Attorney Shannon Liss-Riordan and Free Speech For People filed a 90-page objection to the Massachusetts Ballot Law Commission requesting the removal of former President Donald Trump from the Republican presidential primary ballot in Massachusetts. Multiple states have filed similar challenges following Colorado's Supreme Court ruling barring Trump from the state's primary ballot. 

They cite  Section Three of the 14th Amendment, which was written after the Civil War to keep former Confederates from public office. It bars those who had "previously taken an oath" to the Constitution and then "engaged in insurrection or rebellion" against it.

In this case, the objection argues Trump shouldn't appear on the primary ballot because of his involvement in the U.S. Capitol attack on Jan. 6.

Legal Director for Free Speech For People Ron Fein clarified in an interview with GBH's Boston Public Radio that the amendment "doesn't say anything about needing a prior criminal conviction." It would bar Trump from running for office, but he would still be a "free man" in the eyes of the law. 

As for the ruling, the Massachusetts Ballot Law Commission will make a decision at the end of the month.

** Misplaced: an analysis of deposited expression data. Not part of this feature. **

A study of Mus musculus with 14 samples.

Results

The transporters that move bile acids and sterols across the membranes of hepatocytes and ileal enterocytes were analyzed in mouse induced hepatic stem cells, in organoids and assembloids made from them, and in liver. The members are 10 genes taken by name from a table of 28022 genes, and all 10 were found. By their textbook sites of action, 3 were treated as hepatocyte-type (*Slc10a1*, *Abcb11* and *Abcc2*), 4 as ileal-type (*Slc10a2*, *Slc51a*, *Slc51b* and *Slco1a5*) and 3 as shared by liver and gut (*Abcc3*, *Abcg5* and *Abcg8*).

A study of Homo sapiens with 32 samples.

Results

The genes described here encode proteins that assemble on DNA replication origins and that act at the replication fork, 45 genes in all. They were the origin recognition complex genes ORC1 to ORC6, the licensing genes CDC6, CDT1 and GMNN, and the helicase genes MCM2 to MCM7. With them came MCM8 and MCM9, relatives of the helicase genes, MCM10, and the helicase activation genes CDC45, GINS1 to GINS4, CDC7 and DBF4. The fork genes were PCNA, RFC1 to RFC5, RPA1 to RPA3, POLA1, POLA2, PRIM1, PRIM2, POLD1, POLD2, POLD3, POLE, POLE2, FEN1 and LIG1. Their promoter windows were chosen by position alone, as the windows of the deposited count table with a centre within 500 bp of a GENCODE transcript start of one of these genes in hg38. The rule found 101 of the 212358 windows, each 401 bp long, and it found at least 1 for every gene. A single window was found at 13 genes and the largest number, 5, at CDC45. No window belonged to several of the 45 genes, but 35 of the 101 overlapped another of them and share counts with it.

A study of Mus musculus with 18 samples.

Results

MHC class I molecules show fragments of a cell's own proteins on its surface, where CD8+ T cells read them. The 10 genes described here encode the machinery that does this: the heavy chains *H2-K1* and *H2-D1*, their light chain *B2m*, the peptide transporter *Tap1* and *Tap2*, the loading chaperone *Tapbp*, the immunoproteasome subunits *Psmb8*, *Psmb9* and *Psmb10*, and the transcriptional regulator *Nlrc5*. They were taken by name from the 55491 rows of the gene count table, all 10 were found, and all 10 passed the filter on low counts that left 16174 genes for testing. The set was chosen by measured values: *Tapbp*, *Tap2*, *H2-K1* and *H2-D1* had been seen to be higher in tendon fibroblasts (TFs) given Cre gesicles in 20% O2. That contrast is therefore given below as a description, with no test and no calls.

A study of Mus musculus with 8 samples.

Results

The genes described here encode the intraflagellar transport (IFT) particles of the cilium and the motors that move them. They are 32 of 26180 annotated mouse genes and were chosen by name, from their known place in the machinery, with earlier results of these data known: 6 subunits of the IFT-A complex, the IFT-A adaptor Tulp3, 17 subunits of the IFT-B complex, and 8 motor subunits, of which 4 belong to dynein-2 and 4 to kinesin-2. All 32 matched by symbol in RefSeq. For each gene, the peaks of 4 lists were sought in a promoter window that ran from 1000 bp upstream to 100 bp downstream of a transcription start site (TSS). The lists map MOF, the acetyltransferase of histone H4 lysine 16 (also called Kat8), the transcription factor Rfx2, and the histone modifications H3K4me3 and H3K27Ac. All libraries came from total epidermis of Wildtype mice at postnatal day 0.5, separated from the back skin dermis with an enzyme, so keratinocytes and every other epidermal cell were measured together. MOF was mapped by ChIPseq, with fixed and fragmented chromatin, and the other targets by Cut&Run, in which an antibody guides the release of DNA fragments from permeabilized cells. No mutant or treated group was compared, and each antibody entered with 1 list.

"The Ballot Commission is not able to hear the challenge, i.e., start their own hearing before Jan. 22, yet they must decide by 5 p.m. Jan. 29, so that's set forth in Massachusetts statute," Liss-Riordan, who ran against Senator Ed Markey in 2020, told Boston Public Radio.

Fein explained that it's unclear whether the U.S. Supreme Court's decision on Friday to review Colorado's ballot ruling will have an impact on their push in Massachusetts.

"It's possible that the Supreme Court will decide all of the issues in a way that resolves this case," he said. "But it's also possible that they'll focus on some oddity that happened in Colorado that doesn't really pertain to the big issues."

However, Liss-Riordan explained that the "entire record from Colorado, the transcripts of everything," will be used in the Massachusetts hearing. 

But that will take place before the U.S. Supreme Court decision, which will begin hearing arguments on Feb. 8 to reach a decision before Super Tuesday on March 5. That period of time is typically sectioned off for a "monthlong winter break for the justices," demonstrating the urgency of this objection, according to the  Associated Press.

However, a decision could be reached much before Super Tuesday. Fein gave the example of Bush v. Gore in 2000, which rendered a decision just  one day after the arguments were heard.

Massachusetts Secretary of State William Galvin told reporters on Jan. 2 that his office aims to defend Trump's place on the ballot, saying that the government shouldn't "deprive voters of the right to cast a ballot" and that "the best way to defend democracy is to participate in democracy."

Liss-Riordan disagreed with the sentiment.

"What we're doing here, this is not political. This is legal. We are trying to enforce our laws. The Constitution is the highest law of our land," she said.